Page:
Michigan would cut spending at all but one of its 30 prisons under a legislative compromise reached Wednesday without the support of Gov. Rick Snyder's administration, which Republican leaders have excluded from key budget decisions because of Snyder's opposition to closing the pension system to new school employees.
A House-Senate conference committee voted 5-1 for a nearly $2 billion corrections budget, which includes a $10 million operations cut across 29 state facilities to reflect a declining inmate population. That is far less than the $41.6 million reduction proposed by the Senate, which the corrections director had warned would lead to hundreds of officer layoffs and unsafe staffing levels because prisoner numbers have not fallen enough to justify closing a prison.
Michigan Department of Corrections officials are just seeing the plan and will review it, department spokesman Chris Gautz said after the committee vote.
"There are a lot of issues," Gautz said. "We already have close to 600 officer vacancies around the state, so there's a lot of other programs that we want to make sure we can maintain."
The Republican-led Legislature is advancing individual budgets out of conference panels after setting "target" spending without Snyder. The impasse over teacher pensions could prolong enactment of the budget beyond June for the first time in years. The fiscal year starts in October.
Snyder and GOP legislative leaders met Wednesday for the first time in two weeks to discuss pensions, with all sides reporting progress but no deal. Afterward, Speaker Tom Leonard said the full House will pass the entire budget next week, but he did not say if leaders will actually send the $55 billion plan to Snyder's desk.
"We had a very productive conversation, and I expect those conversations to resume," Leonard, a Republican from DeWitt, said.
Saying Michigan must stop accumulating debt, Republicans have set aside $475 million to cover first-year transition costs of making new workers eligible for a 401(k)-only retirement plan instead of a current hybrid pension-401(k) benefit in the Michigan Public School Employees Retirement System. It is money that Snyder has proposed to either add to the state's savings account or to spend on other priorities in the next budget. He says the blended plan set up in 2010 is working and is different from a pension-only legacy system that is facing $29 billion in unfunded liabilities, and that it would be too costly to switch.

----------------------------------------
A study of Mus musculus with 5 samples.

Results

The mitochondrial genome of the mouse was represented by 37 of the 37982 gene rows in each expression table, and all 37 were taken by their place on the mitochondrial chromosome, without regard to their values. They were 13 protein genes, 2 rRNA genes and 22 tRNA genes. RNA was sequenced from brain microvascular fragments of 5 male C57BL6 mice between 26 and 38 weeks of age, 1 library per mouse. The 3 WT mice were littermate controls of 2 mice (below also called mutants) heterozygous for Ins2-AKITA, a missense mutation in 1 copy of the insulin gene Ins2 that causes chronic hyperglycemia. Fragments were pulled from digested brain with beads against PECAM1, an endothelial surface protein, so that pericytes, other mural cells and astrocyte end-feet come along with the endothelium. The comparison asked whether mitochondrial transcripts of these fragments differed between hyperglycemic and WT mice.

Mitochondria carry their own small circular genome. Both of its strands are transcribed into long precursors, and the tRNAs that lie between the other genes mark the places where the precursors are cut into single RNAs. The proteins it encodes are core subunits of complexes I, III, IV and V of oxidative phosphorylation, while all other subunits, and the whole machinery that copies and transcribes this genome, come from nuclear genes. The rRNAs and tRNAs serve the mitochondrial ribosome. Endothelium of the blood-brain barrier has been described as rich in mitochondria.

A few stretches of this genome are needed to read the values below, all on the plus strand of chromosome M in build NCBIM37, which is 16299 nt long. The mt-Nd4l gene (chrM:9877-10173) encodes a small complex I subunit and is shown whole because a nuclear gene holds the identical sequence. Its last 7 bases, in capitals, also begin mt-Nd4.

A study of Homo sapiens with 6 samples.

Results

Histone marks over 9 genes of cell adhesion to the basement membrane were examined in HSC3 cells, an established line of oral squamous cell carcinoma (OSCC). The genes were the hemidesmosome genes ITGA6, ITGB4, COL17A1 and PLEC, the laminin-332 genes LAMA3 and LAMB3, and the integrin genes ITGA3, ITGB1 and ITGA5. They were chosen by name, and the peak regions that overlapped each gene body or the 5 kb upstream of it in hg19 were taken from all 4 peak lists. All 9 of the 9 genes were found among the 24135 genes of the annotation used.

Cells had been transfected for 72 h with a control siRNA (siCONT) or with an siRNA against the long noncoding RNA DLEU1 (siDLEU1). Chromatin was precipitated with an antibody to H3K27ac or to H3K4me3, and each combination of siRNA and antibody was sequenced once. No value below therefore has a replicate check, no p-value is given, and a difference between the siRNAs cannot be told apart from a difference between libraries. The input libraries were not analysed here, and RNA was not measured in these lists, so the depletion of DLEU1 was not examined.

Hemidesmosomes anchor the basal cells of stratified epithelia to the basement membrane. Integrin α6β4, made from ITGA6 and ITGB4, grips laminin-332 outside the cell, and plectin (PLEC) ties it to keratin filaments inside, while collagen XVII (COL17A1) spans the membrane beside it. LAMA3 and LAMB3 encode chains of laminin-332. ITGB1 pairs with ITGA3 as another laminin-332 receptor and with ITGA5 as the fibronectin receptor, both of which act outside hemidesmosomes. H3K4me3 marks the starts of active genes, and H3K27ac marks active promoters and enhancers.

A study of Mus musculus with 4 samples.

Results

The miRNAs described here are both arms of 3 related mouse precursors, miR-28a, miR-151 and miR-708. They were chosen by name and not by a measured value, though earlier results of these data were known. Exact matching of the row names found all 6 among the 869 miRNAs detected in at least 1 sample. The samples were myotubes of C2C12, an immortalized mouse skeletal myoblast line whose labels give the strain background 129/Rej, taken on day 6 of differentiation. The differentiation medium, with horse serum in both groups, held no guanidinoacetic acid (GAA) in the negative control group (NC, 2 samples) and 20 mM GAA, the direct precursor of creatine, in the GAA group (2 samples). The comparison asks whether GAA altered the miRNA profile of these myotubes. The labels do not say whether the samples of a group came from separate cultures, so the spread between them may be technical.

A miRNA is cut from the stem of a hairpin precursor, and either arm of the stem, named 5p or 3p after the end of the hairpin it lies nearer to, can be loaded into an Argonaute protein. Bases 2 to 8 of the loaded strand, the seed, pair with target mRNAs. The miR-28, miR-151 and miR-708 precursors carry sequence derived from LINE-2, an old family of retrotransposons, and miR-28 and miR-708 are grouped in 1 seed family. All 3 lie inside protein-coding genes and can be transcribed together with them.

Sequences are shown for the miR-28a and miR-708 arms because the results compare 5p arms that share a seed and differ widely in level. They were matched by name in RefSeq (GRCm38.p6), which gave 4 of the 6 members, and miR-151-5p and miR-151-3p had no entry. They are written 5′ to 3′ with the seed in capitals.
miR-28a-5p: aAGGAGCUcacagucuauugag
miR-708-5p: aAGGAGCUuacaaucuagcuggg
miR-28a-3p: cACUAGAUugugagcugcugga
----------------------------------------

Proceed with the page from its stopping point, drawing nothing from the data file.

"These are not easy questions," Snyder said. "You're talking questions that actuaries normally deal with. So a lot of this work is making sure we have the same assumptions, we're working on the same ideas and we have the same understanding of what they mean."
House Minority Leader Sam Singh echoed Snyder's previous comments that the budget should be completed this month because schools and local governments that receive state funding have fiscal years that begin in July.
"There's not the votes that we can see at this point in time for closing down MPSERS. So why do we continue to do this when our citizens are asking for us to put more money back into the classrooms and into the roads?" said Singh, an East Lansing Democrat.
Meanwhile, budget committees will keep approving individual budget bills Thursday, setting the stage for more action next week.
The corrections panel on Wednesday agreed to Snyder's request for nearly $4.4 million to train 177 new officers. It blocked his proposal to spend $1.5 million to expand an alternative sentencing program for probation violators to 13 counties in western Michigan.